And Now, the Counterargument

With mainstream and not-so-mainstream economists (including us) tripping over themselves talking about the need for a stimulus plan (and how the current one may actually be too small), and having just written an article saying the U.S. can probably absorb some more national debt before things go haywire (so did Simon), I thought it was only fair to point to the counterargument.

William Buiter at the FT argues that the U.S. cannot afford a major fiscal stimulus because the government (by which I think he means the entire political system, not just the Obama Administration) has no deficit-fighting credibility. If people do not believe that the government will raise taxes in the future to generate positive balances (I’m sorry to inform Congressional Republicans that cutting spending is not really an option, given the growth of entitlement commitments in the future and our increasing military needs, although cutting the growth rate of spending might be possible), they will conclude that the debt can only be paid off by inflating it away, which will drive interest rates up, the dollar down, and inflation up. Buiter spells this argument here and more recently here where he adds the U.S. is behaving like an emerging market economy in crisis (something with which we would agree).

The argument is plausible – yes, it is true that people could start dumping Treasuries and other dollar-denominated assets because of fear of the U.S. national debt – but not necessarily conclusive – on the other hand, they might not. Buiter recognizes the first objection to his argument: in fact, people’s behavior shows that they are not worried.

It is true that . . .  recent observations on government bond yields don’t indicate any major US Treasury debt aversion, either through an increase in nominal or real longer-term risk-free rates or through increases in default risk premia. . . .

In a world where all securities, private and public, are mistrusted, the US sovereign debt is, for the moment, mistrusted less than almost all other financial instruments (Bunds [German government debt] are a possible exception).

But . . .

But as the recession deepens, and as discretionary fiscal measures in the US produce 12% to 14% of GDP general government financial deficits – figures associated historically not even with most emerging markets, but just with the basket cases among them, and with banana republics – I expect that US sovereign bond yields will begin to reflect expected inflation premia (if the markets believe that the Fed will be forced to inflate the sovereign’s way out of an unsustainable debt burden) or default risk premia.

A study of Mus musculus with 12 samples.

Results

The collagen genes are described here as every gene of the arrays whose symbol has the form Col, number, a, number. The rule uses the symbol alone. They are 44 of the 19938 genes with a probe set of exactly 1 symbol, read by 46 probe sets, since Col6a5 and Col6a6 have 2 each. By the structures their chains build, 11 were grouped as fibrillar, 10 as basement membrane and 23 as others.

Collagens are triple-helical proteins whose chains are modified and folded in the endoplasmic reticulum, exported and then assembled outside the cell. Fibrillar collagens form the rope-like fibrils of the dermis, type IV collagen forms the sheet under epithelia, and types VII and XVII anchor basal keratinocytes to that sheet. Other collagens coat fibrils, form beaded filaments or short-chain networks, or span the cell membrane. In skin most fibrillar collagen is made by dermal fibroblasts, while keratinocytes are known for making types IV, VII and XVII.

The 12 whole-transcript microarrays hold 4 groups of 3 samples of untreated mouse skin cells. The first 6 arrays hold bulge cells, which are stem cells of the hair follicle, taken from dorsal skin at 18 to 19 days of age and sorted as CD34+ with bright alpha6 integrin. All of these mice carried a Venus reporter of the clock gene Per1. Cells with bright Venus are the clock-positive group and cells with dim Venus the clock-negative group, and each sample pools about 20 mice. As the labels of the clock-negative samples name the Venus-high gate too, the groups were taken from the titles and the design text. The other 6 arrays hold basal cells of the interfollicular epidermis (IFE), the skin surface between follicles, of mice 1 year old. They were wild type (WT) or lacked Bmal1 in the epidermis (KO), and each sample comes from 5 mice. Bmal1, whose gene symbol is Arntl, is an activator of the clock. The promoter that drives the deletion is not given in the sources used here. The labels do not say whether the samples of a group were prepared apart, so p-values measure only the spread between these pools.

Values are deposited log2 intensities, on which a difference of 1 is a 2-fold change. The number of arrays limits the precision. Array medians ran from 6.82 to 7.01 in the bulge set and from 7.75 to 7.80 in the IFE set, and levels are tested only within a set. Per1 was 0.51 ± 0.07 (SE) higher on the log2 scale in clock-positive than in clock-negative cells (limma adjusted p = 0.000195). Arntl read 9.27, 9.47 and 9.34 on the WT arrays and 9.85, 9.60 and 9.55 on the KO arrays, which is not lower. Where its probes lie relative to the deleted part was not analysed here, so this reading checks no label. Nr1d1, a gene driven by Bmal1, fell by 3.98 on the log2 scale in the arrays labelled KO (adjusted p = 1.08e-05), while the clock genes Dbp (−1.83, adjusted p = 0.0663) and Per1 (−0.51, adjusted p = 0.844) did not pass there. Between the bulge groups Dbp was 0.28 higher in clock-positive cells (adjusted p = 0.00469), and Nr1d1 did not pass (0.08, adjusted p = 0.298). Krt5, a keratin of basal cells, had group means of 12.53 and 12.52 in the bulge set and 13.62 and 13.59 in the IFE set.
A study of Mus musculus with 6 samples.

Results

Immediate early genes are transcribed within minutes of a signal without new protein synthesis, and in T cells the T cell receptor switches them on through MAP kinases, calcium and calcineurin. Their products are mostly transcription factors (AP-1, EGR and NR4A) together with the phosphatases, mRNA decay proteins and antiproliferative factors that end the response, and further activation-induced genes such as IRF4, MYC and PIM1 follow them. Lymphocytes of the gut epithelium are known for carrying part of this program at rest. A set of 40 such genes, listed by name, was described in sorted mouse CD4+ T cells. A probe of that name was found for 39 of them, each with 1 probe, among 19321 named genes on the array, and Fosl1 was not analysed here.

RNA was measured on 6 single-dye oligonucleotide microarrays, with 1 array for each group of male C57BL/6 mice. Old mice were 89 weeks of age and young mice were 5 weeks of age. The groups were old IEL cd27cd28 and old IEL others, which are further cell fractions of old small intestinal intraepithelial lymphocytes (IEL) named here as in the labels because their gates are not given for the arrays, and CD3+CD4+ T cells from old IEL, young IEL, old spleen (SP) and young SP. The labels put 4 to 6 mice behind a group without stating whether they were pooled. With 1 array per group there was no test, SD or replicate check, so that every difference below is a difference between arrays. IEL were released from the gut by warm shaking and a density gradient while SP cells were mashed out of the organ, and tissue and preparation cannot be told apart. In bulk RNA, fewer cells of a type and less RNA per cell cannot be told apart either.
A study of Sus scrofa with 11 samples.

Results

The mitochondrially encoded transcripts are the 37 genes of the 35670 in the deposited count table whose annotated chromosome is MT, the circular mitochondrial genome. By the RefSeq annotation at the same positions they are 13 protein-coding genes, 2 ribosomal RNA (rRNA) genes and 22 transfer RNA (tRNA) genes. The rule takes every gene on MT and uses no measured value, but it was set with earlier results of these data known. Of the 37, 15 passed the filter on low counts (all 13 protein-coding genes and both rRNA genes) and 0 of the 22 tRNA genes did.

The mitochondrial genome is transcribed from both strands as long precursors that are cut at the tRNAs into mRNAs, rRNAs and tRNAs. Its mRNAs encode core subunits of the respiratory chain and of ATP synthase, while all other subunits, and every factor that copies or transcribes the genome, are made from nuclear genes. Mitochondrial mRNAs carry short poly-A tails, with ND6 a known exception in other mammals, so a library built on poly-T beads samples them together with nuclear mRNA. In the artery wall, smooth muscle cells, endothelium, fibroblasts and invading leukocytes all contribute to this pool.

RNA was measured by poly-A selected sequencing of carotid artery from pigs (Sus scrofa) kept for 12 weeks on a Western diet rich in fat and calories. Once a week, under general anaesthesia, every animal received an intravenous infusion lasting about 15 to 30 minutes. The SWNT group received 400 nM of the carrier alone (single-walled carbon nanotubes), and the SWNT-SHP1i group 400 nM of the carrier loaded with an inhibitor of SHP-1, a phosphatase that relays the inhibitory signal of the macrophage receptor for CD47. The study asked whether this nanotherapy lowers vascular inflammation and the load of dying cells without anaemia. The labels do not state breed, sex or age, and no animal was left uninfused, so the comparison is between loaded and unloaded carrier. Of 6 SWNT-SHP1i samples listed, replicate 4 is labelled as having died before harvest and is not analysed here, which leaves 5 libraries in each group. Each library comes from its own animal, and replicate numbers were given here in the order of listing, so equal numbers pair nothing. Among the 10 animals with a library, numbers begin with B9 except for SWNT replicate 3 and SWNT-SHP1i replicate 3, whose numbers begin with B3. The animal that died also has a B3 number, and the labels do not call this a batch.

The US is helped by the absence of ‘original sin’ – its ability to borrow abroad in securities denominated in its own currency – and the closely related status of the US dollar as the world’s leading reserve currency.  But this elastic cannot be stretched indefinitely.

And as a result . . .

The only element of a classical emerging market crisis that is missing from the US and UK experiences since August 2007 is the ’sudden stop’ – the cessation of capital inflows to both the private and public sectors.  . . . But that should not be taken for granted, even for the US with its extra protection layer from the status of the US dollar as the world’s leading reserve currency.  A large fiscal stimulus from a government without fiscal credibility could be the trigger for a ’sudden stop’.

Buiter’s argument is essentially a tipping-point argument. Yes, the markets seem unconcerned about U.S. government debt, but pass that stimulus bill and all of a sudden – or shortly thereafter – they will panic. As I said, it’s possible. But the markets should already be anticipating that stimulus bill passing. (I find it hard to believe that with unemployment up to 7.6% the Republicans will block it; their better percentage is to go along reluctantly, say they are doing it to support President Obama, and turn on him when the economy does not respond immediately.) So all the information Buiter is basing his analysis on is already out in the market, and the market has shrugged it off.

More generally, though, we just don’t know. National debt of 60-70% of GDP in private hands (a rough post-crisis estimate) might be too much for Ecuador or Argentina, but what about for the world’s largest and most central economy? There just isn’t any data. Arguably debt incurred in World War II finished off the British Empire (I believe Niall Ferguson discusses this at the end of Empire), but the U.S. was already the world’s economic superpower by a wide margin. The U.S. was able to bring down debt from well over 100% of GDP after World War II. And we had debt (in private hands) of 49% of GDP as late as 1995, with the same tax-averse political culture we have now (this is after the Gingrich Revolution of 1994), yet the Clinton Administration was able to engineer low interest rates.

Maybe there is a tipping point somewhere. But no one knows where, and there isn’t much useful evidence. So do we forego the stimulus package because we’re afraid of the unproven tipping point? Maybe if, like Buiter, you think we are at the edge of the cliff and most people just don’t see it yet (although they have the same information you do), and you think the potential costs are huge.

In any case, I recommend reading at least one of Buiter’s posts.

Originally published at the Baseline Scenario and reproduced here with the author’s permission.